Hold the fish for Jeremy Piven.
"I haven't had a piece of fish since the doctor told me to lower my blood mercury level," the Entourage
Emmy winner told PEOPLE during Thursday's Lakers celebration party at Los Angeles's Nokia Club. "So, it's been almost 10 months now."
Piven, 43, abruptly left
the Broadway revival of David Mamet's Speed-the-Plow
mid-run in December with an ailment his doctor called
fatigue from mercury poisoning.
Miffed over his departure from the show, producers filed charges
with Actors Equity against Piven, with the case currently tied up in arbitration
"I changed all of those habits," Piven says of his life post-Broadway. "All of these things happen to make us better. So, you've got to embrace that."
Now, he says, "I'm a lot better. What basically happens is when you work your whole life without stopping like I've done, you end up in the hospital. Basically, I had a cardiologist say your body is trying to catch up and it can't. I had a resting heart rate of 47, something called arrhythmia, along with all the mercury poisoning."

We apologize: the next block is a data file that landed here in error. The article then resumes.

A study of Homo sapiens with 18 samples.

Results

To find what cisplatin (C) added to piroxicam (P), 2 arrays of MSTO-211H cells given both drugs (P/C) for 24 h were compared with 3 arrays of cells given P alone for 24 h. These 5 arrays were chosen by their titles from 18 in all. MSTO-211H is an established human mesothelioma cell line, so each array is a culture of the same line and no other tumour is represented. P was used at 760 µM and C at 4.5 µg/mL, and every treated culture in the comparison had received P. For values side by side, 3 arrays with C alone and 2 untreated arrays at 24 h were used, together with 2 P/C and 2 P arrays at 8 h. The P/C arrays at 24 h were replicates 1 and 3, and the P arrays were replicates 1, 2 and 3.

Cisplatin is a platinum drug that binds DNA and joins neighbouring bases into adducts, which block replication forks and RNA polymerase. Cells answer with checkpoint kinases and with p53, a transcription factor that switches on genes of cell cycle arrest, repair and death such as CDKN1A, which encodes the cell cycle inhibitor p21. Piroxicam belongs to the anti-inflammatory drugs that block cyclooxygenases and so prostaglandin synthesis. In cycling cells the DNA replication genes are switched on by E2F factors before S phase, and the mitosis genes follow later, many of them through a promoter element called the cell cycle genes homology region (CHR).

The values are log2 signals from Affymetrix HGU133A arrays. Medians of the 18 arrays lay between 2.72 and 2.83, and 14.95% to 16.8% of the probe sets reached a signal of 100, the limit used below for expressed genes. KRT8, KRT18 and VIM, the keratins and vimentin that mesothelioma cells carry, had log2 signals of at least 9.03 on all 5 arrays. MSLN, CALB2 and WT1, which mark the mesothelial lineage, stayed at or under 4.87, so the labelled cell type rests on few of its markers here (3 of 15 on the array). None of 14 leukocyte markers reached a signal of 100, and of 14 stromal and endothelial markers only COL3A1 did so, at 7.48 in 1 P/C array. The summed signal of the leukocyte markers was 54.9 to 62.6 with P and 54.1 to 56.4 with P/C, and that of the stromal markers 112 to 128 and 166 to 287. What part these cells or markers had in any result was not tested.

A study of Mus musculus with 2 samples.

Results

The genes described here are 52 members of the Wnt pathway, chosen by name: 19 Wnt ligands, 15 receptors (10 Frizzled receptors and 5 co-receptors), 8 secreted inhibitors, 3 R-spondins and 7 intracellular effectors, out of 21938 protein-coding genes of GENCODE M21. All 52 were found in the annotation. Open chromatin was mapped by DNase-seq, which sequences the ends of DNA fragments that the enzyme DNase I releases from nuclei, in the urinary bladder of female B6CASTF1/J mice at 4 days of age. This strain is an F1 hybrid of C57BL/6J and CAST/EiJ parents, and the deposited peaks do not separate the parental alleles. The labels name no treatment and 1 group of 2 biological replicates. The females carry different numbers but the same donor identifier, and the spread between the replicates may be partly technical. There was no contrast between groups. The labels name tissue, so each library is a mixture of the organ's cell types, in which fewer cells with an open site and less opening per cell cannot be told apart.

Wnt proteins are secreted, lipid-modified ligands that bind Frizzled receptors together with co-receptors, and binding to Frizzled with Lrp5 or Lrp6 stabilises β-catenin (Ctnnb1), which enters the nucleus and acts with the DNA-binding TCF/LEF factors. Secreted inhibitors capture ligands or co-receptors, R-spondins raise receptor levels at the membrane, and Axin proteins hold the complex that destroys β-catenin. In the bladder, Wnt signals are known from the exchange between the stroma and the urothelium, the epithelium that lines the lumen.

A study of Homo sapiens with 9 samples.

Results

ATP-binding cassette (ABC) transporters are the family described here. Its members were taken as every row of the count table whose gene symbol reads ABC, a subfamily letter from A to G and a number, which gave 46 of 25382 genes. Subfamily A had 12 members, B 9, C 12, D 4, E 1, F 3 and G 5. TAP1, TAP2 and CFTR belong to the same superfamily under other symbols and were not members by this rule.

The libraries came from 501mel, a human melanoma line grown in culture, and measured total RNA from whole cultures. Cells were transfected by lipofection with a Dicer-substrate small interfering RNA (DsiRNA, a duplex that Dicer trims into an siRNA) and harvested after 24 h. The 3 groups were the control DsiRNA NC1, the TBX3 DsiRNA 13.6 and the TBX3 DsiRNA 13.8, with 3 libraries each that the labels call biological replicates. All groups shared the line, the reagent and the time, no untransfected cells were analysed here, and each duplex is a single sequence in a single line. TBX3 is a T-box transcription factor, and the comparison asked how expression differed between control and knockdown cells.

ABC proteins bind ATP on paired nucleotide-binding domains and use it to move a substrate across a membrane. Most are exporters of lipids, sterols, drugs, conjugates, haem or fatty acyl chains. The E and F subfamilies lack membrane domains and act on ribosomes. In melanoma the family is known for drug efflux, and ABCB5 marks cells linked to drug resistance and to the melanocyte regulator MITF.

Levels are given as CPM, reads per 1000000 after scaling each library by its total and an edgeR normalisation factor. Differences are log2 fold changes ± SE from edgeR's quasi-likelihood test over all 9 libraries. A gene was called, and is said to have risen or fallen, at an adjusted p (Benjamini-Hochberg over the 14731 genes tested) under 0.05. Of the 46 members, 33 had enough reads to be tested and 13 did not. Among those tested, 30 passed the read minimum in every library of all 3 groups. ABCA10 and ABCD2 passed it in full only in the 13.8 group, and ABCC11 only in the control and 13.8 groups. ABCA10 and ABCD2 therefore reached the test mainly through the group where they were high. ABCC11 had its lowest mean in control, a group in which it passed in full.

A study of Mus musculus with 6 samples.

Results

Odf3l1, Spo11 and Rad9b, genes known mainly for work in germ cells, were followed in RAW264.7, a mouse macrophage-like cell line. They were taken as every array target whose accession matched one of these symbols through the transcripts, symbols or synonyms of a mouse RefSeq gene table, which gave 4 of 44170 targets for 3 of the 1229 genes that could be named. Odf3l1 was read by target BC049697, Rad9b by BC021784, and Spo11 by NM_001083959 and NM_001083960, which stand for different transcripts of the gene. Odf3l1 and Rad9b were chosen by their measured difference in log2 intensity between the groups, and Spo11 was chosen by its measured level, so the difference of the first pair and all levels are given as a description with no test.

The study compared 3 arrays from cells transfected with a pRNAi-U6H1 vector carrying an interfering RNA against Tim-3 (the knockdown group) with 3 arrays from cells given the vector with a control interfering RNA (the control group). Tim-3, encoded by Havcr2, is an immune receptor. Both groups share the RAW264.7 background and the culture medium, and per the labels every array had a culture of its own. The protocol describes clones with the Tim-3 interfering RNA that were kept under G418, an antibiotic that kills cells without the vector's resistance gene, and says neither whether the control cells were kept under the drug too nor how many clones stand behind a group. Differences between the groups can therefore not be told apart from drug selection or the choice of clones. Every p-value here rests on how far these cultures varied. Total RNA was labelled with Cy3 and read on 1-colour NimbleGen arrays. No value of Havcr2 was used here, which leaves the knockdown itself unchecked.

He adds, "They just said you can't get back in that stage. Basically what I'm trying to do is rest as much as possible,
celebrate the Lakers for a moment, and go back to work."
Piven blamed his fatigue on his then-six times the normal blood-level of mercury. In the producers' claim – after it could not be decided
unanimously by the Grievance Committee, the case was handed over to arbiters in February – a tally of Piven's nightlife habits was requested.
"By the way, for the record, it's the not the fish's fault," Piven says. "It's a man-made problem. It's all the mercury being dumped. Women shouldn't eat tuna, especially when you're pregnant."
The path to health, he says, is, "You just change your life and kind of do it. It wasn't necessarily the sushi. It was just a steady diet of fish. Twice a day for 20 years. That's not right for anyone."